I grew up in the Midwest, the child of a mother who suffered from depression. In my teen years I learned mom’s excessive sleeping was part of her illness. My father was a police officer and worked extra jobs to help support our family. In my early 20s I began to see a transformation take place in my mother that would come to change many lives.
I recall seeing many inspirational books lying around in my mom’s sitting room as she healed. One was Daily Word. I also would see the magazine on the kitchen counter or in my mom’s purse. Then one day I received a copy of Daily Word in the mail. My mom had decided to send copies to her four children.
I was pleased that my mom shared with us something that was helping transform her life. I became very interested in this little book and the simple, nonjudgmental principles it contained in each message. What I didn’t realize at the time was how Daily Word, and other spiritual books I had seen in my mom’s sitting room, would contribute to the most peaceful dying experience I could imagine.
During the last 15 years of my mom’s life I observed a most peaceful and joyful lady. I felt like I had my own personal Mahatma Gandhi. This internal peace and joy were something I wanted to understand. Family, friends, and I went to my mom for advice frequently. She always seemed to have the perfect thing to say.
Ten years ago my mom was diagnosed with stage four ovarian cancer. During her two years of chemotherapy she seemed to apply every bit of what she had learned through her spiritual studies. She was unshaken and peaceful—accepting what she called the is-ness of life. She maintained her inner smile and continued to stand in awe of the beauty of the flowers in her backyard, as she had for so long.
My younger sister, Ann, and I were in the hospital room with my mom when she awoke from her final surgery. The doctor said: “Ruth, there is so much cancer that has returned that there is nothing else we can do for you. You will have to go home and go on hospice care.” Her reaction was calm and peaceful as she thanked the doctor—similar to what I had experienced for the last 15 years of her life.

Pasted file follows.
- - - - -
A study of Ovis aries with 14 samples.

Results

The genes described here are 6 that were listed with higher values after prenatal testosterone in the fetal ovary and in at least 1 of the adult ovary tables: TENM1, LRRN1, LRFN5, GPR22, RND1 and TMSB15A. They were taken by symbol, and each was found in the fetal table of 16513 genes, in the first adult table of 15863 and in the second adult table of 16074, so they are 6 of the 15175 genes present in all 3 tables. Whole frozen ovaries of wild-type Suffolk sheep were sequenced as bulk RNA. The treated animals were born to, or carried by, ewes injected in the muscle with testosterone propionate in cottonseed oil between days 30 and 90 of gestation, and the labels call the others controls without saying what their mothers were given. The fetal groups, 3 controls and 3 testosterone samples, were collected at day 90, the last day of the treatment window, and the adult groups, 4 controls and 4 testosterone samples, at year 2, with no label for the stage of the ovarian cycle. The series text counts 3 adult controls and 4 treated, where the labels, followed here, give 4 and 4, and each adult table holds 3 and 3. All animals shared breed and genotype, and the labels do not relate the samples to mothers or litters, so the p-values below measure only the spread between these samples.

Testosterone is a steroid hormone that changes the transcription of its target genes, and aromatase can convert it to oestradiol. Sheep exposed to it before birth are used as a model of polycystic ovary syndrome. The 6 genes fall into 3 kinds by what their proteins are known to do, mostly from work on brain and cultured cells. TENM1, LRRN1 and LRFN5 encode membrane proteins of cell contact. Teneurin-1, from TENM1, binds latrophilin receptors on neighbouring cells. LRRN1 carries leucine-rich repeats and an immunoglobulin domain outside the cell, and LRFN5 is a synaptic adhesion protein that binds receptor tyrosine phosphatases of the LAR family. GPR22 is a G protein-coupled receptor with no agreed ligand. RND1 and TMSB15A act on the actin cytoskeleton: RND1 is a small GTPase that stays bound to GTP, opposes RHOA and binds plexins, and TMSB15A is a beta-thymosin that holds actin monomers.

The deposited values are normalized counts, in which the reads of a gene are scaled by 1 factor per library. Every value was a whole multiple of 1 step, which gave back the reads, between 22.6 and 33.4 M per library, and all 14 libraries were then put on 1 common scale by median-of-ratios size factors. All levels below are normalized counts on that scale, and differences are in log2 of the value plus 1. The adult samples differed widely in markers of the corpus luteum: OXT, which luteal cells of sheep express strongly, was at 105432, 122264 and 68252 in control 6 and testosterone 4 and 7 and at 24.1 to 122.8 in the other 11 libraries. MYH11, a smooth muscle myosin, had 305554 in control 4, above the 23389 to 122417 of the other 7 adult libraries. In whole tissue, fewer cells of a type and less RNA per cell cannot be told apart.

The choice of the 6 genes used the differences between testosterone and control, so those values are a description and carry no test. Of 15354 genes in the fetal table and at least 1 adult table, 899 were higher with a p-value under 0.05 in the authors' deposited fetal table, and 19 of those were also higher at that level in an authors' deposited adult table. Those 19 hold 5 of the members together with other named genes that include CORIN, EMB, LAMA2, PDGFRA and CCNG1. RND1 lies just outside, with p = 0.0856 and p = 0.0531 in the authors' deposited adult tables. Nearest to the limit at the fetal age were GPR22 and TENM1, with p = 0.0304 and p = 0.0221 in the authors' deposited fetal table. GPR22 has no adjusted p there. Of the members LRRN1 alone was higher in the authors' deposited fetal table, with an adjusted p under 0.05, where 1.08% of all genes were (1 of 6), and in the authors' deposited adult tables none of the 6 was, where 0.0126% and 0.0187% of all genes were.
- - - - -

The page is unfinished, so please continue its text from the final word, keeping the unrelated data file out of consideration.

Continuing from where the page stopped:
As the doctor left the room I sat down next to her, took her hand, and said: “Mom, are you afraid to die?” She looked at me with the most peaceful expression and calmly replied: “Kathy, fear just comes from a thought and I am not afraid of a thought. No, I am not afraid to die.” She said this slowly and clearly and in that instant, the biggest “aha” moment came over me. As sad as I had felt about her circumstance for the past two years, I wanted to run outside and jump for joy … I finally got it!
I kept repeating to myself what she said: “Fear just comes from a thought and I am not afraid of a thought. No, I am not afraid to die.” I wondered how I could feel so inspired after just receiving the news from the doctor; yet I knew I had just woken up to a truth that is so simple and so profound it would change my life dramatically in the eight years since her death.
In the final weeks of my mom’s life, many friends and family members came more than once as they stood in awe of the peace they were witnessing. My mom represented one of the most simple, yet profound, truths. It was through my mom’s dying that she taught so many of her family and friends how to live.
I share this story with my students every year as we discuss the topic of culture and the lenses through which we see the world. My hope is that they, too, may understand fear is just a thought.